Curtis B-XXX Compressor With Start Unloader

sbbloom69

New member
HI,
I have a 1921-ish Curtis air compressor. It is very similar to other late teens early 20's small compressor (3" x 3.5" bore/stroke). This compressor, instead of the manual start unloader (finger lever on the intake valve) has an automatic unloader that is operated with a centrifugal lever mechanism. The compressor works, but the outlet valve leaks by. Thus it won't build pressure very fast. I got it from my wife's grandfather who cobbled it together from parts in the 1940's. He said the tank came from a B-17. Has a 1940's Westinghouse induction motor.

I'm going to try and post some pictures of my problem. The outlet plunger valve and it's seat are worn. The plunger is removable under the cap nut and spring on the top of the head. However, the seat in the brass/bronze head is deep in it's hole. I'm sure it needs to be resurfaced. But I'm scared to take too much metal off. What's the best way to cut/grind the valve seat? I can chuck the valve/plunger on my lathe and resurface/cleanup that part. Or should I just try and lap the valve against it's seat to see if I can get it to seal a little better.

The valve I'm talking about is on the right side of the head detail drawing. OR, I could put a simple check valve in the outlet port (its what the outlet valve does anyway). Ideas? Not the prettiest iron, but there's some family history here.

Stu
Los Alamos, NM
 


New member
OH, I did find out that the motor is a Delco Type M Thermotron A5865. Nameplate ink is worn away. Looks like only a 1/4 HP. It has a C-1-42 stamped on the plate too. Could that mean 1942? Can't read the ink on what goes to each stamped number.

---------- Post added at 07:23:37 PM ---------- Previous post was at 07:08:55 PM ----------

I have pulled the head. The intake valve seals perfectly. The outlet valve leaks. There is no name plate on the compressor. It does say Curtis St. Louis, cast into the crankcase. The head has AG6D stamped between the head bolts. The Unloader has "Don't Oil the Plunger" and "Pat. Nov. 1921" cast into it.
 

I like oldstuff

Subscriber
The tank is an oxygen tank used on many planes since the late thirties. They were surplussed after the war for around $2. Very well made of stainless and durable.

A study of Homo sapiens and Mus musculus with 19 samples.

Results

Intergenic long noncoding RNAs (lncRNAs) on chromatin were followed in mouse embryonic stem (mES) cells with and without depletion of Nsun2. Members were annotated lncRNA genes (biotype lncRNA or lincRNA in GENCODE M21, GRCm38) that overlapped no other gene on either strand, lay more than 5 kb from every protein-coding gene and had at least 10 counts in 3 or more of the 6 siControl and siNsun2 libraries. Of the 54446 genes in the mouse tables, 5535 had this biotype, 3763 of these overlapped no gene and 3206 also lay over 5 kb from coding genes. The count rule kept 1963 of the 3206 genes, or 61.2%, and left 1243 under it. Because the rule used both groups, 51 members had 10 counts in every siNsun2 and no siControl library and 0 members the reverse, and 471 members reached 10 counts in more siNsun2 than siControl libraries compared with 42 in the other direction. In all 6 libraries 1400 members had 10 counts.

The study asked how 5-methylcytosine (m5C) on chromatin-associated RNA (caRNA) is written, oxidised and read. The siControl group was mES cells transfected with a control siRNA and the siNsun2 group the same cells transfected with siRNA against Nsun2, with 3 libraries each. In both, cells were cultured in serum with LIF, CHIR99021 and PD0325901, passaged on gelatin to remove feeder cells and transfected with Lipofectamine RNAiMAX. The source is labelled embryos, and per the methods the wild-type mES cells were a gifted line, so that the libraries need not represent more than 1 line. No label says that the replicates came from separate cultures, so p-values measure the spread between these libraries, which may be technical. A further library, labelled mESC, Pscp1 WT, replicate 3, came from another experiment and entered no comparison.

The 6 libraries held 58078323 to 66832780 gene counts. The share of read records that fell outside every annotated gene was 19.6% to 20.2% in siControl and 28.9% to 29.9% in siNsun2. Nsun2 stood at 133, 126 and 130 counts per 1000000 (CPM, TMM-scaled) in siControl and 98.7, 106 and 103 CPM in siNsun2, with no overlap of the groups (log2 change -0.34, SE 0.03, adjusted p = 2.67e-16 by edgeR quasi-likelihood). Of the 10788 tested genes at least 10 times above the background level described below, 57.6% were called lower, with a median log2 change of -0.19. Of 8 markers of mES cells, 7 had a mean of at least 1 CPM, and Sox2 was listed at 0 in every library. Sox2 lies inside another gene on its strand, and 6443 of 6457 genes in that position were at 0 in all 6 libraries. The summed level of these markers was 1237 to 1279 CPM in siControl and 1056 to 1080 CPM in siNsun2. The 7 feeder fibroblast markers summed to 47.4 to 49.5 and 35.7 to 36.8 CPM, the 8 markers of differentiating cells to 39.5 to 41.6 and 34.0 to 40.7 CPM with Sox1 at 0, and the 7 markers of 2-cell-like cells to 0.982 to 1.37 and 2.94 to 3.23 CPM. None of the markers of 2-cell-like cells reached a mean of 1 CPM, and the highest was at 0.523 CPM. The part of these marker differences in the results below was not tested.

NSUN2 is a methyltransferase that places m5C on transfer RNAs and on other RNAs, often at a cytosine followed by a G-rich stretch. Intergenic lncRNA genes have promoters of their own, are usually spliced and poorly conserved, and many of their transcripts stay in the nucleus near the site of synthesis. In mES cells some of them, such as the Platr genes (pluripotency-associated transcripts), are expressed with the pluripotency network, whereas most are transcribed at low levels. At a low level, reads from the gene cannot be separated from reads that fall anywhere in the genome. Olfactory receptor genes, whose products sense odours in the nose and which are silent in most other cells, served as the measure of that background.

Vanman

Subscriber
When I was a kid I built a compressor using those tanks as well. :D

For a compressor to work effectively and efficiently the volume in the chamber ahead of the outlet valve needs to be as small as possible. So an external valve would not work well.

I would try lapping compound first, then go from there as needed...
 

I like oldstuff

Subscriber
For a compressor to work effectively and efficiently the volume in the chamber ahead of the outlet valve needs to be as small as possible. So an external valve would not work well. I would try lapping compound first, then go from there as needed...
Worst case if you can't get the outlet valve to seal, mount a check valve directly on the outlet.
 

sbbloom69

New member
Yeah I thought about a check valve, but Vanman is right. Too much distance between the piston and the check valve will result in it being much less effective at passing and blocking the output flow. I bought some valve lapping compound on the way home from work. I'll try lapping the valve and seat first. The check valve is cheap too. I may try it anyway, assuming I can find one that will screw right into the compressor output port. I'm just having fun with it. My goal is to eventually make a better base and either restore the Delco motor, or maybe even rig up a mechanical unloader and drive it with my Maytag Twin (still a work in progress).